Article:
November 21, 2017 posted by Greg Ehrbar

Walt Disney’s Latin American Features on Records – Part 1

With Disney/Pixar’s Coco premiering this week, here’s the first of a two-part Spin through Disney’s dance with Latin American musical artistry in the 1940’s.

Decca Presents
Music from the WALT DISNEY Picture

Charles Wolcott and His Orchestra
With Aloysio Oliviera with Banda Da Lua and Kenneth Lundquist
Decca Records 23-M Personality Series A-369 / Three 10’ 78 RPM Discs / Mono / 1945 Running Time: 16 minutes.)

Song Written Especially for the Film: “Saludos Amigos” by Aloysio Oliviera, Charles Wolcott, Ned Washington.
Popular Songs Featured in the Film: “Brazil (Aquarela Do Brasil)” by Ary Barroso, S.K.Russell. “Tico Tico” by Ervin Drake, Aloysio Oliviera, Zequinha de Abreu.
Instrumentals: “Inca Suite (includes “Llama Serenade” and “Inca Princess”) by Charles Wolcott; “Argentine Theme” (from Gaucho Goofy) by Edward Plumb, Andrés Chazarreta, “Pedro from Chile” by Paul J. Smith.

For all intents and purposes, this as close to a Saludos Amigos soundtrack album as one could get, even though it technically is not one. Victor’s 3-disc Snow White soundtrack had given the world its first true film soundtrack recording, then followed with Pinocchio and Dumbo. (Fantasia and Bambi had to wait for the LP to come along in the late ‘50s, (though the RCA Shirley Temple version of Bambi does contain soundtrack dialogue.

For the Saludos Amigos album, the decision was made to forgo the soundtrack in favor of the jukebox-format 78-RPM disc of the day. To make the songs—which were and are a highly marketable commodity once recorded or published—the optimum presentation was in the roughly three minute length of a single disc side.

What made Disney and Decca’s Saludos Amigos album unique was that the songs and instrumentals were recorded almost as if they were being made at the studio for the soundtrack, with many of the same musicians under the baton of conductor Charles Wolcott (who is awarded rare “star” credit throughout the album package and its lovely little program booklet).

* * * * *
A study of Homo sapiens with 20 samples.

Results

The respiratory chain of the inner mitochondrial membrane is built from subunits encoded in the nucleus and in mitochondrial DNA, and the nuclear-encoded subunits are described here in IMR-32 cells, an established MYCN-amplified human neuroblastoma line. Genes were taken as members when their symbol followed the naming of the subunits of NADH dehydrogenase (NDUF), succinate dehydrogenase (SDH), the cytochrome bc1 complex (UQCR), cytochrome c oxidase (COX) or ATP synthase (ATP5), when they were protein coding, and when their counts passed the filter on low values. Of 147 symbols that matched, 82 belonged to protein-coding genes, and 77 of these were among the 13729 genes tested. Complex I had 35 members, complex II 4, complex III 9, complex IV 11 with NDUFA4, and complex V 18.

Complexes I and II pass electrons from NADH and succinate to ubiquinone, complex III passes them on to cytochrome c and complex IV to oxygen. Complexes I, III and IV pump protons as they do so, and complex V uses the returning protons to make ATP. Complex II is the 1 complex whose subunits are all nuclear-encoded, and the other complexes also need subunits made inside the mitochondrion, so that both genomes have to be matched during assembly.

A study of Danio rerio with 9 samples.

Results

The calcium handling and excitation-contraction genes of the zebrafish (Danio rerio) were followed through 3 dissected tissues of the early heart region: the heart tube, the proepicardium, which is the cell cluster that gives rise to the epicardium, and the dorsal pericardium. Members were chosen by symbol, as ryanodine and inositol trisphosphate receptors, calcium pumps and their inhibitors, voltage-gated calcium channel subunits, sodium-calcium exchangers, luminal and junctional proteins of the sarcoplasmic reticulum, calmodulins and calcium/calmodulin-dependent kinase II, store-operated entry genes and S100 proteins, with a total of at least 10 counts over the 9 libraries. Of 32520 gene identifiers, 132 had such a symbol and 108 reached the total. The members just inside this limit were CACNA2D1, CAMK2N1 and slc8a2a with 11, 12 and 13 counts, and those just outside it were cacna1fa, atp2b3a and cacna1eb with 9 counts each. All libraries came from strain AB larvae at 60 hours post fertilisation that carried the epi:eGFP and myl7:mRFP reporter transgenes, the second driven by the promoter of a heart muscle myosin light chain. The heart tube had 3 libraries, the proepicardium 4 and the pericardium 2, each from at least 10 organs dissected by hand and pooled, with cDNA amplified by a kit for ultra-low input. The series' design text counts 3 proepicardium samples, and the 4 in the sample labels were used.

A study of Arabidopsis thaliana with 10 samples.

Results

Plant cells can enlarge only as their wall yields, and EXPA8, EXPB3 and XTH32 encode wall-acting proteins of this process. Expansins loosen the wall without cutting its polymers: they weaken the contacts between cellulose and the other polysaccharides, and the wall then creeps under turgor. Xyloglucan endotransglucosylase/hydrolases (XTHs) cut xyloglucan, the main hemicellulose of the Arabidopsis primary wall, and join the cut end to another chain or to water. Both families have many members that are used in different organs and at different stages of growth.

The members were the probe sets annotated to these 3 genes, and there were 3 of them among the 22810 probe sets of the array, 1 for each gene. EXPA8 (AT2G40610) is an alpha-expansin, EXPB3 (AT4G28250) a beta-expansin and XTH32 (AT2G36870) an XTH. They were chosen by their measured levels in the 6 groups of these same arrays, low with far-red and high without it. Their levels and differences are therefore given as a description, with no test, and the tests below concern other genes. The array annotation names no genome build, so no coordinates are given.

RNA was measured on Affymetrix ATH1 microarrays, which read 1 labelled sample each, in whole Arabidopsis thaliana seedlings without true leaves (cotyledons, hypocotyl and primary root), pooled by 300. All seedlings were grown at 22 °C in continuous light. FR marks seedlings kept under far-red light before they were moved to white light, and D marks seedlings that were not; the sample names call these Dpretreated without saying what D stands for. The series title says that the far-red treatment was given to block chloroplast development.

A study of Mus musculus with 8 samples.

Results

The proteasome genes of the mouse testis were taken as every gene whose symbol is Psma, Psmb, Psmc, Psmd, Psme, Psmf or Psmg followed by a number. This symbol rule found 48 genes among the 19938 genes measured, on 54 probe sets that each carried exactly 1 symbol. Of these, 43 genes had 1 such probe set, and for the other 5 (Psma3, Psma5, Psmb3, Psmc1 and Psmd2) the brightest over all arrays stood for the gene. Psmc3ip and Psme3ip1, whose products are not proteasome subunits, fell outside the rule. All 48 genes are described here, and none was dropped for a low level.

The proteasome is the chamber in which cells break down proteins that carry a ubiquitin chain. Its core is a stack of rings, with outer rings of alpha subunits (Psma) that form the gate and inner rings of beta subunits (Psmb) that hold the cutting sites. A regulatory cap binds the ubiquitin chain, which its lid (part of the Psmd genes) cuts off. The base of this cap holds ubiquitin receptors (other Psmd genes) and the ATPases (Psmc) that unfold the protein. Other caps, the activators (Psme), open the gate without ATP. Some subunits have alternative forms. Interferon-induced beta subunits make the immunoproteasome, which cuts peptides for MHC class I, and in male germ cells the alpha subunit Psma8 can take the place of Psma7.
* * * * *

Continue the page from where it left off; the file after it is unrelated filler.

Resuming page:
The program booklet lists the musical sequence, the film synopsis, the “el grupo” story, a brief history of Walt and his studio. There’s even a section about Wolcott, explaining how he diversified his orchestra and its musicians:

“[He] has extended his wanted consciousness to the point of importing from South America—from Brazil, to be specific—seven musicians as an adjunct to his already fine orchestra. He feels that no orchestra, no matter how much ingenuity they may use, can approximate the peculiar timbre of a South American band—the quality that makes it unique and gives it its character.”

The “magic eight” instruments added for the score are listed on the next page: reco reco, cuica, pandiero, surdo, chocalho, cabaco and caxia.

The whole album is a joyful complement to the original, almost identical in tone. One exception is the theme, performed in this case by studio singer Kenneth Rundquist instead of a chorus, but because it had to be expanded for the record, there are more variations on the tune.


“Decca Records Presents Music from Saludos Amigos”
Note that each song is followed by an instrumental selection. This is to serve the pop/jukebox format to set up a potential hit vocal on side one. In this way, the album really doesn’t play like the later LP cast album format established by Columbia’s Goddard Leiberson or the LP soundtrack program of Disneyland’s Tutti Camarata.


Next week: We’ll take a look at Disneyland Records’ album of Saludos Amigos and Three Caballeros songs (some of the tracks from this album were also included on a Spanish language Three Caballeros LP we explored here).

The soundtrack to Disney/Pixar’s Coco has already been released for download or on CD. The film is the most musical of any Pixar feature, chock full of nods to the period and the musical magic of an era very much like that of Saludos Amigos and The Three Caballeros. The film’s theme of familial love enduring throughout eternity (as long as we never forget) extends to Pixar’s bridge between the constantly astonishing new forms of storytelling that thankfully never loses sight of the myriad inspirations from whence they came.


  • Luv Luv LUVVVV!!

  • Looking ahead, I’m guessing Disneyland Record’s South America album didn’t used Aurora Miranda’s original recording of her song in “Three Caballeros”, correct?

    • Neither used the soundtrack but the Spanish language LP did.

  • You have flac files, extract from this vinyl?